A barcode or bar code is a method of representing data in a visual, machine-readable form. Initially, barcodes represented data by varying the widths, spacings and sizes of parallel lines. These barcodes, now commonly referred to as linear or one-dimensional (1D), can be scanned by special optical scanners, called barcode readers, of which there are several types. Later, two-dimensional (2D) variants were developed, using rectangles, dots, hexagons and other patterns, called matrix codes or 2D barcodes, although they do not use bars as such. 2D barcodes can be read using purpose-built 2D optical scanners, which exist in a few different forms. 2D barcodes can also be read by a digital camera connected to a microcomputer running software that takes a photographic image of the barcode and analyzes the image to deconstruct and decode the 2D barcode. A mobile device with a built-in camera, such as smartphone, can function as the latter type of 2D barcode reader using specialized application software (The same sort of mobile device could also read 1D barcodes, depending on the application software).
The barcode was invented by Norman Joseph Woodland and Bernard Silver and patented in the US in 1952. The invention was based on Morse code that was extended to thin and thick bars. However, it took over twenty years before this invention became commercially successful. UK magazine Modern Railways December 1962 pages 387–389 record how British Railways had already perfected a barcode-reading system capable of correctly reading rolling stock travelling at 100 mph (160 km/h) with no mistakes. An early use of one type of barcode in an industrial context was sponsored by the Association of American Railroads in the late 1960s. Developed by General Telephone and Electronics (GTE) and called KarTrak ACI (Automatic Car Identification), this scheme involved placing colored stripes in various combinations on steel plates which were affixed to the sides of railroad rolling stock. Two plates were used per car, one on each side, with the arrangement of the colored stripes encoding information such as ownership, type of equipment, and identification number. The plates were read by a trackside scanner located, for instance, at the entrance to a classification yard, while the car was moving past. The project was abandoned after about ten years because the system proved unreliable after long-term use.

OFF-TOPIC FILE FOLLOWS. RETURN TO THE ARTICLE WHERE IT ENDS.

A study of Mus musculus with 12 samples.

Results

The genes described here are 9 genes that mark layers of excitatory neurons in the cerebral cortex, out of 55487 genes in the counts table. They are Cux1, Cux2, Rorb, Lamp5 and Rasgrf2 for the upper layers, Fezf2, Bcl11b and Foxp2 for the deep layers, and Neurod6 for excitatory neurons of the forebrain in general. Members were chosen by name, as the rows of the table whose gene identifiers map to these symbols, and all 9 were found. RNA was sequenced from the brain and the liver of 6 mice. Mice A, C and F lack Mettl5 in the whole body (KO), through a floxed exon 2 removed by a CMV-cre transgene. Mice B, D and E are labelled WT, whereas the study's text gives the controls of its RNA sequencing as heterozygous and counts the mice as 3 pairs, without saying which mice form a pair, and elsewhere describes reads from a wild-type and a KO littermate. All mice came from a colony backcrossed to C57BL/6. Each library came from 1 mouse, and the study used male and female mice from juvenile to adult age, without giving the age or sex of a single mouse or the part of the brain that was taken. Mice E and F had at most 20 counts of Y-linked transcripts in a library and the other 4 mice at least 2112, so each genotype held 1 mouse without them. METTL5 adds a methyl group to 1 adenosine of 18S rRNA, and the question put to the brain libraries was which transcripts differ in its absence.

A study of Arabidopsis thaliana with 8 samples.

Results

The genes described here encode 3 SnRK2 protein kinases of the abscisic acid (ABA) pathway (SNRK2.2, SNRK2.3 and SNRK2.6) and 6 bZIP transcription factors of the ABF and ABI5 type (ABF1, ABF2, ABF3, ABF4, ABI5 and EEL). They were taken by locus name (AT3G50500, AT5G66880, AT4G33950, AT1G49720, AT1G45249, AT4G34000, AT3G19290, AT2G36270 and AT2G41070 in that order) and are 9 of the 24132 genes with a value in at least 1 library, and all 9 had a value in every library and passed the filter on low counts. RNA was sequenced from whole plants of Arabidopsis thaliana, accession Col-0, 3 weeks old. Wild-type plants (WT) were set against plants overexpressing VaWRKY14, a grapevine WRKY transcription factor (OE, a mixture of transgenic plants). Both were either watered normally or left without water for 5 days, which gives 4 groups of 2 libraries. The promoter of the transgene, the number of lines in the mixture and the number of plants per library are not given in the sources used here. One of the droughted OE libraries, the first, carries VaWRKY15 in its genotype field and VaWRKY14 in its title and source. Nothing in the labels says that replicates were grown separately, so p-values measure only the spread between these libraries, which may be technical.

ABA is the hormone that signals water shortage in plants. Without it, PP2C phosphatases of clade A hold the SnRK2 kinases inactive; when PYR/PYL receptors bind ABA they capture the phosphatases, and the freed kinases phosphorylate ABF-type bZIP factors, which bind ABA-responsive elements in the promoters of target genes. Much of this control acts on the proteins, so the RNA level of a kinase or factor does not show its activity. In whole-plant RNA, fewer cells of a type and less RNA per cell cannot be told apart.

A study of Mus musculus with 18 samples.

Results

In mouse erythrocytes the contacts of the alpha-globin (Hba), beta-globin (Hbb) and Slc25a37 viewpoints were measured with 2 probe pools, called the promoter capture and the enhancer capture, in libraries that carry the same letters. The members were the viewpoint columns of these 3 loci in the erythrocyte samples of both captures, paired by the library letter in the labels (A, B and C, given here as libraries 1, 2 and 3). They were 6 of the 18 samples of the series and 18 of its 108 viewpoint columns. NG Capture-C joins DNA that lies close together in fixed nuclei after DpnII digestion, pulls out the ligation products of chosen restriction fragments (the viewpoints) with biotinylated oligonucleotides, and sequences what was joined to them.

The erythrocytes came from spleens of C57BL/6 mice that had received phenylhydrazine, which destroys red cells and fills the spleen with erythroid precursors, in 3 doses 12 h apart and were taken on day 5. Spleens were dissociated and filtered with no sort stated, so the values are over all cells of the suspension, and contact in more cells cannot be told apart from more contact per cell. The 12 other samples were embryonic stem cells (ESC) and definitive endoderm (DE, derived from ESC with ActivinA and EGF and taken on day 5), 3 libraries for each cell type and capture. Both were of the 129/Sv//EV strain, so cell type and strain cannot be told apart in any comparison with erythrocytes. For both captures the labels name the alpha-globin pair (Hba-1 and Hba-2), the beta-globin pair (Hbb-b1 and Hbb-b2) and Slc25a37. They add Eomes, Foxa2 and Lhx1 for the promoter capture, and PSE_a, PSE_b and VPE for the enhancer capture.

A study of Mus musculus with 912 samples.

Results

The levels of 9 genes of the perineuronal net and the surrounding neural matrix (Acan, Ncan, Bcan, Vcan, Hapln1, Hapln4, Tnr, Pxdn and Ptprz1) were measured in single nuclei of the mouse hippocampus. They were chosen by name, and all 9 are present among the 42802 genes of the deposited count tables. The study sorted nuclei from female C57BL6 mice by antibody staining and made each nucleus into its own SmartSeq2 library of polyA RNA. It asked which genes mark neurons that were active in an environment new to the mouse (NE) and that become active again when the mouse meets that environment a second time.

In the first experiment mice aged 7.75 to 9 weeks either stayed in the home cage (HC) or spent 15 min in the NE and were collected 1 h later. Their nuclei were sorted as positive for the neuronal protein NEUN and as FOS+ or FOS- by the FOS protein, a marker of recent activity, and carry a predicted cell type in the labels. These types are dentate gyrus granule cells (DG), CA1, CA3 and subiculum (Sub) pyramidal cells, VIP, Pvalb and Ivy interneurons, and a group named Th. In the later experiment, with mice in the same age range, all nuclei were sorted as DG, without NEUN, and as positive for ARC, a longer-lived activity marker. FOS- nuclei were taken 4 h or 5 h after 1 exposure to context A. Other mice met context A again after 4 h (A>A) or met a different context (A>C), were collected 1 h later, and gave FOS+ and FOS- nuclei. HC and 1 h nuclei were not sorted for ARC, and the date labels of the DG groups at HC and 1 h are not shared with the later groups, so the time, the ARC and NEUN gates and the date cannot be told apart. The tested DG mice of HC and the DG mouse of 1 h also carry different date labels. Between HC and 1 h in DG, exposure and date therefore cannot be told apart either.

Barcodes became commercially successful when they were used to automate supermarket checkout systems, a task for which they have become almost universal. The Uniform Grocery Product Code Council had chosen, in 1973, the barcode design developed by George Laurer. Laurer’s barcode, with vertical bars, printed better than the circular barcode developed by Woodland and Silver. Their use has spread to many other tasks that are generically referred to as automatic identification and data capture (AIDC). The first successful system using barcodes was in the UK supermarket group Sainsbury’s in 1972 using shelf-mounted barcodes  which were developed by Plessey. In June 1974, Marsh supermarket in Troy, Ohio used a scanner made by Photographic Sciences Corporation to scan the Universal Product Code (UPC) barcode on a pack of Wrigley’s chewing gum. QR codes, a specific type of 2D barcode, have recently become very popular due to the growth in smartphone ownership.
Other systems have made inroads in the AIDC market, but the simplicity, universality and low cost of barcodes has limited the role of these other systems, particularly before technologies such as radio-frequency identification (RFID) became available after 1995.